I argue that a hashtag’s narrative logic – its ability to produce and connect individual stories – fuels its political growth. — My case study of #WhyIStayed suggests that in the initial stage, hashtags that express outrage about breaches of gender justice are likely to invite online participation, while the escalation into online collective protest depends on the nature of interaction among multiple actors and their sociopolitical contexts.
A tweet can be about something as mundane as a user’s morning cup of coffee, but when combined with the networked power of hashtags, the political fervor of digital activists, and the discursive influence of collective storytelling, online personal expressions can grow into online collective action.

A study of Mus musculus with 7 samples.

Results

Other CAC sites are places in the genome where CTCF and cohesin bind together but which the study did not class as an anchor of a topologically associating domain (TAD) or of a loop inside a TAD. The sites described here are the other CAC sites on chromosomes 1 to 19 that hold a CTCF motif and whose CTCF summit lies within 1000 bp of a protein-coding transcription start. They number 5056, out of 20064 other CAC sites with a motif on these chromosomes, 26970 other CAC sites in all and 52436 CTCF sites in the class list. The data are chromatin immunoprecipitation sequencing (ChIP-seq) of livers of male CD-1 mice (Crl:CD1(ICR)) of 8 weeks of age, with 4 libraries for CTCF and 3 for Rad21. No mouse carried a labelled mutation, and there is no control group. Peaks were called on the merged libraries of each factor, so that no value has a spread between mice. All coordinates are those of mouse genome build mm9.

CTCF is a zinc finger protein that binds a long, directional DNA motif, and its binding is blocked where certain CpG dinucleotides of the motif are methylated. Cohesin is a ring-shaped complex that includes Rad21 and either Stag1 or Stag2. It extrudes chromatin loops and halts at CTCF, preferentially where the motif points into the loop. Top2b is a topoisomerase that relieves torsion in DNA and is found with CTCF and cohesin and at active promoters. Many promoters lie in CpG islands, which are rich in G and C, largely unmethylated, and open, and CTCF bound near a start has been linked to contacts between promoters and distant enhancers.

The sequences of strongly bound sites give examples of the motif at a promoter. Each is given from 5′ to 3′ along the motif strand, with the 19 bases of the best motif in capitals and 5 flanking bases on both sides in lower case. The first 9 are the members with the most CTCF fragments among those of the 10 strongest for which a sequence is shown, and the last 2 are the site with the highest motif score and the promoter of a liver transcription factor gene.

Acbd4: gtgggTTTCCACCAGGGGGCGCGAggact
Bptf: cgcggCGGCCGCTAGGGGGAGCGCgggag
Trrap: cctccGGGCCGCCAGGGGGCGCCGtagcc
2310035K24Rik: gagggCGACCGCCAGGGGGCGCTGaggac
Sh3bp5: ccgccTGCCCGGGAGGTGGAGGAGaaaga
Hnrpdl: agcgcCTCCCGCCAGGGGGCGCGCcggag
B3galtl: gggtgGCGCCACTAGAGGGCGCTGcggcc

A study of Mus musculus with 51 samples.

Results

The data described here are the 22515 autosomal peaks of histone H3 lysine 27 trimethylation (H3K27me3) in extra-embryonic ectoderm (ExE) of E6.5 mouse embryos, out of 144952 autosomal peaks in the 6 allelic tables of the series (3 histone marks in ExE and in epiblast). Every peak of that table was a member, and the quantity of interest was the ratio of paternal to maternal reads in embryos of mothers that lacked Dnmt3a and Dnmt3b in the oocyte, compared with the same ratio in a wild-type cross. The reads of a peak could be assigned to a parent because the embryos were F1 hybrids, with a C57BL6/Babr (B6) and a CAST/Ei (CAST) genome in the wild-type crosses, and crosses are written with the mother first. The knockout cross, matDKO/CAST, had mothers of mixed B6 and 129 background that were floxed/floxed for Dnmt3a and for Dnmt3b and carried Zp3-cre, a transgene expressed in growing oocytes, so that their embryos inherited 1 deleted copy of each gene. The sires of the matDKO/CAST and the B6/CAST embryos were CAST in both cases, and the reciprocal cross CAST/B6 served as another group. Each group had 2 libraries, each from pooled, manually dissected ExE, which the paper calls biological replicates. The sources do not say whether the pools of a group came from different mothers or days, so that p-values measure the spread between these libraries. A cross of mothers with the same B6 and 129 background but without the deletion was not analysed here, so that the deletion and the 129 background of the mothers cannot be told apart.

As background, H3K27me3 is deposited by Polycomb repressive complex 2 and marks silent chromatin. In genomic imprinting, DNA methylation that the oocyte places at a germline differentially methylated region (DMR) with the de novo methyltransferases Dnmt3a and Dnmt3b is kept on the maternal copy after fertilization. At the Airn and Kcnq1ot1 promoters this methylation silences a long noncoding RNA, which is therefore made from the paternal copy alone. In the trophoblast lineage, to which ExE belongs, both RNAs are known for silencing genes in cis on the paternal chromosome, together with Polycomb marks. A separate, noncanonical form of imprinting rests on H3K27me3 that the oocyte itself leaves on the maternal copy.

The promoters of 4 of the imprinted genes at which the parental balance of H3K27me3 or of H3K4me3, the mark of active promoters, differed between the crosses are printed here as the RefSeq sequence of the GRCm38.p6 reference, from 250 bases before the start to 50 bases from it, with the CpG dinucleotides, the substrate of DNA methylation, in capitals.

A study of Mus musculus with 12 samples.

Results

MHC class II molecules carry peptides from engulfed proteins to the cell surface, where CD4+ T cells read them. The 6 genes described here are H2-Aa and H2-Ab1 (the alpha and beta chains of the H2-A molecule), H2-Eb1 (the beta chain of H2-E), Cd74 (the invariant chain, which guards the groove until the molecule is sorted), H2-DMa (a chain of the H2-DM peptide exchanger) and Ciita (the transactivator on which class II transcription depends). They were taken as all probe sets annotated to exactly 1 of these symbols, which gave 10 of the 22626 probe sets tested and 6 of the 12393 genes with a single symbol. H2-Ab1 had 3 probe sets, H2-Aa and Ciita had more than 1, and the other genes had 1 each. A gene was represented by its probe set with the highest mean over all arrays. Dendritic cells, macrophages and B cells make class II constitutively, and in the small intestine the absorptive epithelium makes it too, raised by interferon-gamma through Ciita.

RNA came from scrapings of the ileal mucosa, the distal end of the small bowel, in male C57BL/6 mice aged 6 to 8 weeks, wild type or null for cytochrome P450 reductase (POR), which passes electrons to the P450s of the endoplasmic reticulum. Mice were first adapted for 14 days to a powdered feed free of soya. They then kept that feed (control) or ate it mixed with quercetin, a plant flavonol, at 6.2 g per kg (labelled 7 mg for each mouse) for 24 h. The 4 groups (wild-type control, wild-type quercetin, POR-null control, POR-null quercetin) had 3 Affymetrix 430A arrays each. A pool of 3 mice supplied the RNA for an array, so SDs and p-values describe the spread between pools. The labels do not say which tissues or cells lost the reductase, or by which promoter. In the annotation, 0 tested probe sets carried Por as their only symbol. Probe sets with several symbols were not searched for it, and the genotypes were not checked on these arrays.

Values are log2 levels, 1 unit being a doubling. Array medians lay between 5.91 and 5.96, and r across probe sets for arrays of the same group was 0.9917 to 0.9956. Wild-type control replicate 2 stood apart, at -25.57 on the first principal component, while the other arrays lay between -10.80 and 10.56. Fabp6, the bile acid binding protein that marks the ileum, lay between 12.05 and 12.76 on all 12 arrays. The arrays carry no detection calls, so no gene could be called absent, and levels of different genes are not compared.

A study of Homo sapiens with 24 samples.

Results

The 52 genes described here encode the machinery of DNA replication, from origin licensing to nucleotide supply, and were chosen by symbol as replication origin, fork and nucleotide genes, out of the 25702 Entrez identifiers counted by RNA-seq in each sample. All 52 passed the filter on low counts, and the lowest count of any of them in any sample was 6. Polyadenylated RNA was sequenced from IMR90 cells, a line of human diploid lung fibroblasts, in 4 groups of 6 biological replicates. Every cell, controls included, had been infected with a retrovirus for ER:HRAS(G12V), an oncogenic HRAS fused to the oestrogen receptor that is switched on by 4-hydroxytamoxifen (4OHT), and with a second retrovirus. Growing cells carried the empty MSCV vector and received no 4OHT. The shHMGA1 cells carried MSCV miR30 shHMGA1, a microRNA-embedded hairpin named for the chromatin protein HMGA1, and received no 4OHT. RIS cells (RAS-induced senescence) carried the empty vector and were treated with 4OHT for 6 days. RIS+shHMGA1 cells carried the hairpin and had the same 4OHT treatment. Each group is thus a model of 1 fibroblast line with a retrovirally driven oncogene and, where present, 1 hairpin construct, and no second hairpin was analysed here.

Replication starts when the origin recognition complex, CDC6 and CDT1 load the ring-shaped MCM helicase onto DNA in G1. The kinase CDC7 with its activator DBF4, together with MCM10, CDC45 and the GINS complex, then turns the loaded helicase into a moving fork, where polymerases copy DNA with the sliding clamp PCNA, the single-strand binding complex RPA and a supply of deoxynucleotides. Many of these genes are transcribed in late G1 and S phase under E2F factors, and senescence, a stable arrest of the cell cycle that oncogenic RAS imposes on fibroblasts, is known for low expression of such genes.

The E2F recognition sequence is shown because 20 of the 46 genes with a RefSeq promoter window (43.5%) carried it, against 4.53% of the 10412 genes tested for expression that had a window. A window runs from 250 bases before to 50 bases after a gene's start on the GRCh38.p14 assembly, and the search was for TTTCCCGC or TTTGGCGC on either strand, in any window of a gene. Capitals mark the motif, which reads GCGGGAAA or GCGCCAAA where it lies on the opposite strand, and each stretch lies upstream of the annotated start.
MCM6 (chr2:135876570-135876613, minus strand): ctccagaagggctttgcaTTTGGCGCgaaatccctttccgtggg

One of the areas I’m working on – hashtag activism, hashtag campaigns, hashtag advocacy, or whatever you want to call it, depending on your point of view – curiously seems to have been primarily advanced by the field of feminist media studies, with a journal with the same name having published three special issues on the subject in the past few years. This is one of the Feminist Media Studies papers, and it seems to argue that hashtagged displays of activism are particularly well-suited for online feminist discursive action, with the paper in question detailing how one particular hashtag was used to subvert mainstream narratives on domestic violence.
I think this is interesting stuff, even while I remain somewhat unconvinced of the practical relevance of it.
Clark, Rosemary (2016). “Hope in a hashtag”: the discursive activism of #WhyIStayed. Feminist Media Studies, 16(5), 787–804. http://doi.org/10.1080/14680777.2016.1138235.